History of Peanuts

“Peanut” may sound like a plant that can’t quite make up its mind where it belongs in the world of botanical classification. What’s your guess? A nut, you say? Nope, the goober is actually more a pea than a nut. The versatile, tasty morsel we call the peanut is the pod or legume, and not the nut, of the arachis hypogea plant, a member of the same botanical family as the ordinary green pea.
But the peanut is an unusual member of the pea family, since its pods have the peculiar habit of ripening underground. After the plant’s flower is pollinated, a stalk-like structure called a peg begins growing from the base of the flower toward the soil. Only when the tip of the peg is below the soil surface do the fertilized ovules begin to develop their characteristic pod.

These pods also appear to serve as roots to some extent, absorbing minerals from the surrounding soil. The one to three “nuts” found inside the shell are the seeds of the plant, although the tiny morsel found inside the nut when it’s split open is the only part of the seed with reproductive powers.

Most Americans would probably guess that the peanut is a native of Africa, perhaps because of its popular association with African slaves in the Southern United States. True, the goober did cross the ocean with the slaves, but that’s only half the story.

The peanut is in fact a native of tropical South America. Spanish conquistadors exploring the New World found South American Indians eating what many called cacohuate, or “earth cocoa.”

The goober was gradually transplanted in West Africa as a food and fodder crop. Subsequently, slave traders found that the peanut could provide cheap, nutritious food for Africans being carried across the ocean on slave ships. Eventually, some African peanuts were brought to Virginia and planted for livestock fodder. Thus the peanut made two transatlantic journeys before becoming a North American crop.

Initially, peanuts were most used in Virginia as fodder for pigs, and the soft, juicy ham made from peanut-fattened hogs has ever since been known as Virginia Ham.

The peanut has also been called groundnut and earthnut, both aptly suggestive of the plant’s peculiar subterranean habits, if not its true botanical classification. The word goober is reputedly of African origin, from the Bantu naguba, although some etymologists have drawn a connection between goober and the ancient English word gouber, meaning “an afternoon’s repast” or “snack.” Indeed, the peanut was once billed by advertisers as the “nickel lunch.”

George Washington Carver is the man most responsible for widespread cultivation of peanuts in the United States. Carver’s work in the early part of this century showed that the peanut could help free the South from its dependence upon cotton, and restore needed nitrogen to soil depleted by cotton cultivation. When Carver began his research in the 1890’s, the goober was not even recognized as a crop; by 1940, the peanut ranked as one of the six leading crops in America, and the largest crop in the southern United States after cotton.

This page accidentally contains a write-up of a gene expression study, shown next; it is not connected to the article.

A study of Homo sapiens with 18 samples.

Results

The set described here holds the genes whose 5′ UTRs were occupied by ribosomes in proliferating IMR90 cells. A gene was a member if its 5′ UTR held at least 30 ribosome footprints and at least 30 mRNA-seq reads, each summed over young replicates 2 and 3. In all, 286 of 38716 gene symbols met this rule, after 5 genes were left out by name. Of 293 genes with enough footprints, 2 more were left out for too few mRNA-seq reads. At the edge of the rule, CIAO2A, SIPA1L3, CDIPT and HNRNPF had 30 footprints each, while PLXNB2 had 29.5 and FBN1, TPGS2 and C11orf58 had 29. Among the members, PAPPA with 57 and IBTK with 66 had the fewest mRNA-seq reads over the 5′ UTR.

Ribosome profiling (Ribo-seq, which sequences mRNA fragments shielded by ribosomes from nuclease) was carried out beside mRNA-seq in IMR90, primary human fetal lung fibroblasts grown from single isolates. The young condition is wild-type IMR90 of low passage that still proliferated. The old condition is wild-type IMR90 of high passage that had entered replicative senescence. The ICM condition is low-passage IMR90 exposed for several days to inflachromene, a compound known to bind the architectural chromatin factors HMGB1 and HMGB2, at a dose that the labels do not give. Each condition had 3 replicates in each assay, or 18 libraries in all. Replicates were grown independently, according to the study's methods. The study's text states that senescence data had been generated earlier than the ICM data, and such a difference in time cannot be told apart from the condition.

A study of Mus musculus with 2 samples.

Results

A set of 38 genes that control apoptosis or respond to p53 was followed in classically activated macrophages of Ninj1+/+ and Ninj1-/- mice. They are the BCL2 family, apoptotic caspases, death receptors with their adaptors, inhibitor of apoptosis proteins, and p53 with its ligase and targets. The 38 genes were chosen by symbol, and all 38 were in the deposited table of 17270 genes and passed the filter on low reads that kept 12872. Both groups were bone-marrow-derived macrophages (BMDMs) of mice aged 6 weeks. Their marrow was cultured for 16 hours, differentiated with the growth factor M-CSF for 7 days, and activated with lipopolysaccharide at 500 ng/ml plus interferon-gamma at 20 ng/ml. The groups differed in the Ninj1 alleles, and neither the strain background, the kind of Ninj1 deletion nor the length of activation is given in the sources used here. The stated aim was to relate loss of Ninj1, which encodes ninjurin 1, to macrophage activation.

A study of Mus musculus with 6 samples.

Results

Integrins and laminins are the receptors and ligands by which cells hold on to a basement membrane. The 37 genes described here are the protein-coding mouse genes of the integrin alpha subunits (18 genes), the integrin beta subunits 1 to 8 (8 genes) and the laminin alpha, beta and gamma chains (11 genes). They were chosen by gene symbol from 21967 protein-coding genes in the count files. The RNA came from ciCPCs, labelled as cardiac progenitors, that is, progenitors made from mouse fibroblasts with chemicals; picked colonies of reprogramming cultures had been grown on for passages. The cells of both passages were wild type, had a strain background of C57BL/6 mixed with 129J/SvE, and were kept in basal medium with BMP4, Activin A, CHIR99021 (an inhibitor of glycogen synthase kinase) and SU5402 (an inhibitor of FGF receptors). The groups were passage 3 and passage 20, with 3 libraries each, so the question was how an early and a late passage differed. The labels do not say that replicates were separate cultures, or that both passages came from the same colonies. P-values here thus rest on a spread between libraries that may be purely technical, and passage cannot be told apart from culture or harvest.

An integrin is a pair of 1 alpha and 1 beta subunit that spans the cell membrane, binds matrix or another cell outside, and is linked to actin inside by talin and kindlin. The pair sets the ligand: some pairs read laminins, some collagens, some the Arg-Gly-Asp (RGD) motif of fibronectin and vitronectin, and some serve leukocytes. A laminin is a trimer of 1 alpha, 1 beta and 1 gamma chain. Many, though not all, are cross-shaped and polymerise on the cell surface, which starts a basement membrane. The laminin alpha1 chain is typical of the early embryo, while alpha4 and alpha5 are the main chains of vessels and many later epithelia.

Carver, the son of a slave, not only demonstrated the ecological advantages of peanut cultivation, but later found new uses for the crop after it had become over-abundant here as a foodstuff. Carver discovered some 300 derivatives of the goober, including cheese, milk, flour, coffee, ink, dye, plastics, soap, wood stains, linoleum, cosmetics, and medicinal oils. And in his spare time, Carver managed to find over 100 derivatives of the sweet potato!

Peanut butter is one peanut derivative we can’t thank Carver for. That great favorite of the schoolboy was introduced by a St. Louis doctor in 1890 for patients who needed an easily digestible form of protein. Thereafter the peanut batter became a fad. Today, about half of the United States’ annual peanut harvest of some 4 billion pounds is used for peanut butter, with the remainder going to salted nuts, candies, oil, and livestock fodder. Only about 10 percent of our crop is used to manufacture peanut oil; but throughout the rest of the peanut-growing world, the goober is grown almost exclusively for its oil.

Planters Peanuts, the world’s largest dealer in peanut products, was founded in 1906 by Amedeo Obici, an Italian immigrant who had journeyed alone to America as a twelve-year-old boy. Starting as a peanut vendor in Wilkes-Barre, Pennsylvania, Obici built Planters into a ten million dollar a year business within a quarter-century.

“Mr. Peanut,” the company’s trademark, began his association with Planters in 1916, when the firm offered a prize for the best trademark suggestion. A fourteen-year-old Virginia boy submitted a drawing for an animated peanut, another artist added the familiar cane, hat, and monocle, and “Mr. Peanut” was soon appearing plumping Planters peanuts everywhere.

The peanut requires at least five months of strong sunshine and twenty-four inches of rain annually, and thus is restricted to the warmer regions of earth. India is the largest peanut-producing nation, followed by China and West Africa, with the United States fourth in total production.

As a food, the goober is one of the most concentrated sources of nourishment known to man. Pound for pound, the peanut provides more protein, minerals, and vitamins than beef liver, more fat than heavy cream, and, dieters beware, more calories than sugar. Recent experiments in Africa have shown that the discarded shells of the peanut can also be used as animal fodder!

Peanuts may be basically a snack food in the United States, but in many parts of Africa and Asia the goober is an indispensable part of the diet. To demonstrate the importance of the peanut in other nations, we might note that the first American to be honored with a monument in India was none other than George Washington Carver. In 1947, the peanut growers of India unveiled a monument in Bombay to commemorate the American’s outstanding work.